Neil Munro and the Language of the Garden of Eden

Neil Munro was a Scottish writer who lived from 1863 to 1930. A busy journalist, newspaper editor, loving father and husband, he wrote a clutch of highly-enjoyable and highly-regarded historical novels, which include The New Road, John Splendid and Doom Castle.

He’s remembered by many Scots for his humorous Para Handy stories where the crew of a Clyde puffer, The Vital Spark, fall into a series of adventures while shipping supplies to the islands and coastal communities of the Firth of Clyde and the West Highlands of Scotland. Two very popular TV series were made.

Munro came from the West Highlands. He was born in Inveraray and his first language was Gaelic. Although he wrote in English, it’s underpinned by what many Gaels refer to as the language of the Garden of Eden. The combination makes for a lyrical result, especially in Munro’s collection of short stories, The Lost Pibroch. 
Pibroch is a style of Highland bagpipe playing, very hard to master.

Here are a few enchanting examples of Neil Munro’s writing, the first from the story that gives the collection its title:

“To the make of a piper go seven years of his own learning and seven generations before. If it is in, it will out, as the Gaelic old-word says; if not, let him take to the net or sword. At the end of his seven years one born to it will stand at the start of knowledge, and leaning a fond ear to the drone, he may have parley with old folks of old affairs.”

From the story of The Fell Sergeant:

“It is ill enough to have to die in Glenaora at any season, but to get the word for travelling from it on yon trip in the spring of the year is hard indeed. The gug-gug will halloo in your ears to bid you bide a wee and see the red of the heather creep on Tom-an-dearc; the soft and sap-scented winds will come in at the open door, and you will mind, maybe, of a day long-off and lost when you pulled the copper leaves of the bursting oak and tossed them among a girl’s hair.”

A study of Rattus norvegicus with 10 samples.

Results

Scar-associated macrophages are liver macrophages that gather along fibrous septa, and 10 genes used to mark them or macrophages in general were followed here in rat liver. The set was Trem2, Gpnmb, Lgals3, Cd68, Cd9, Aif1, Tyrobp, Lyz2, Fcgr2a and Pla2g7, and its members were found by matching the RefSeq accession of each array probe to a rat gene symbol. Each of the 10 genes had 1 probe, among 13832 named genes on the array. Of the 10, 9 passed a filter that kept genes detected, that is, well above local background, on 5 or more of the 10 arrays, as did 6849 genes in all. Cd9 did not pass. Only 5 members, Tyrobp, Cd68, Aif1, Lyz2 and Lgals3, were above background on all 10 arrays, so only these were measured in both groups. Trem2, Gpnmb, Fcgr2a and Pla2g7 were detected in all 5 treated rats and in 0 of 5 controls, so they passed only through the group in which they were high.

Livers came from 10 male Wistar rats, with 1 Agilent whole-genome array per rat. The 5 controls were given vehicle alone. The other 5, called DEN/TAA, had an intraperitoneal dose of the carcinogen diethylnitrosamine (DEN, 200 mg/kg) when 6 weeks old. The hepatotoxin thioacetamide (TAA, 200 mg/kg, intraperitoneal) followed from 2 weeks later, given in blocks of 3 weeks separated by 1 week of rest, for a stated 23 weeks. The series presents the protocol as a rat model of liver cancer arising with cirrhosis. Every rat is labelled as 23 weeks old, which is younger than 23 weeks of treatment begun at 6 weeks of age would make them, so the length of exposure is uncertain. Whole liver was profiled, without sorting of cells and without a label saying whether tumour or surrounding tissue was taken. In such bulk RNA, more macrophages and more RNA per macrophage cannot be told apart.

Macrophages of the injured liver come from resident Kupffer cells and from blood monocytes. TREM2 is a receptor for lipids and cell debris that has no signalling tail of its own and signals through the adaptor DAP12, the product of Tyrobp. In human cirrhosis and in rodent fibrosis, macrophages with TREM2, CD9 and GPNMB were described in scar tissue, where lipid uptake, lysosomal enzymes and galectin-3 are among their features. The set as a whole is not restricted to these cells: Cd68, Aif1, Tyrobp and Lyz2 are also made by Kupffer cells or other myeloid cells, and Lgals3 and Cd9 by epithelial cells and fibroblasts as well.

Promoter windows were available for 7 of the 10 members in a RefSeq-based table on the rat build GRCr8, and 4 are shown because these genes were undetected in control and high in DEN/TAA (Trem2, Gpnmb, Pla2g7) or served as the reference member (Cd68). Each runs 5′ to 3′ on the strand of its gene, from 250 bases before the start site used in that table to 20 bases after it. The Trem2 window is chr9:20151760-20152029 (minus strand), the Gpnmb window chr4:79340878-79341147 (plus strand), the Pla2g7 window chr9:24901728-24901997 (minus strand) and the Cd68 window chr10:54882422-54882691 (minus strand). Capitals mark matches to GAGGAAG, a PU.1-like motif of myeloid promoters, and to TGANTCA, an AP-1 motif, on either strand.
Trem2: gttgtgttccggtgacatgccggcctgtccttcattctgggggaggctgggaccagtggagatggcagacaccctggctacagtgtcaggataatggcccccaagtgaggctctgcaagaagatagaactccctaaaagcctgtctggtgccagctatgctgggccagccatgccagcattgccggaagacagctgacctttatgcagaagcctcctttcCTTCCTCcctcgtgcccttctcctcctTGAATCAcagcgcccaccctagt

From the story entitled War, describing how the Campbells of Inverary went off to fight against the Jacobites at Culloden:

“On the belts of the older men, loth to leave the fire-end, mothers and wives were hanging bags with thick farls of cake, and cheese, and the old Aora salve for sword cuts.”

From the same story, with the added poetry of place names:

“Far up the long Highlands the Campbells were on their way. Loch Sloy and Glen Falloch, Rannoch’s bleakness and Ben Alder’s steepness, and each morning its own wet grass and misty brae, and each night its dreams on the springy heather.”

And I was inspired to write this post courtesy of Bookshelf Fantasies Thursday Quotables. It’s good to share words that we love!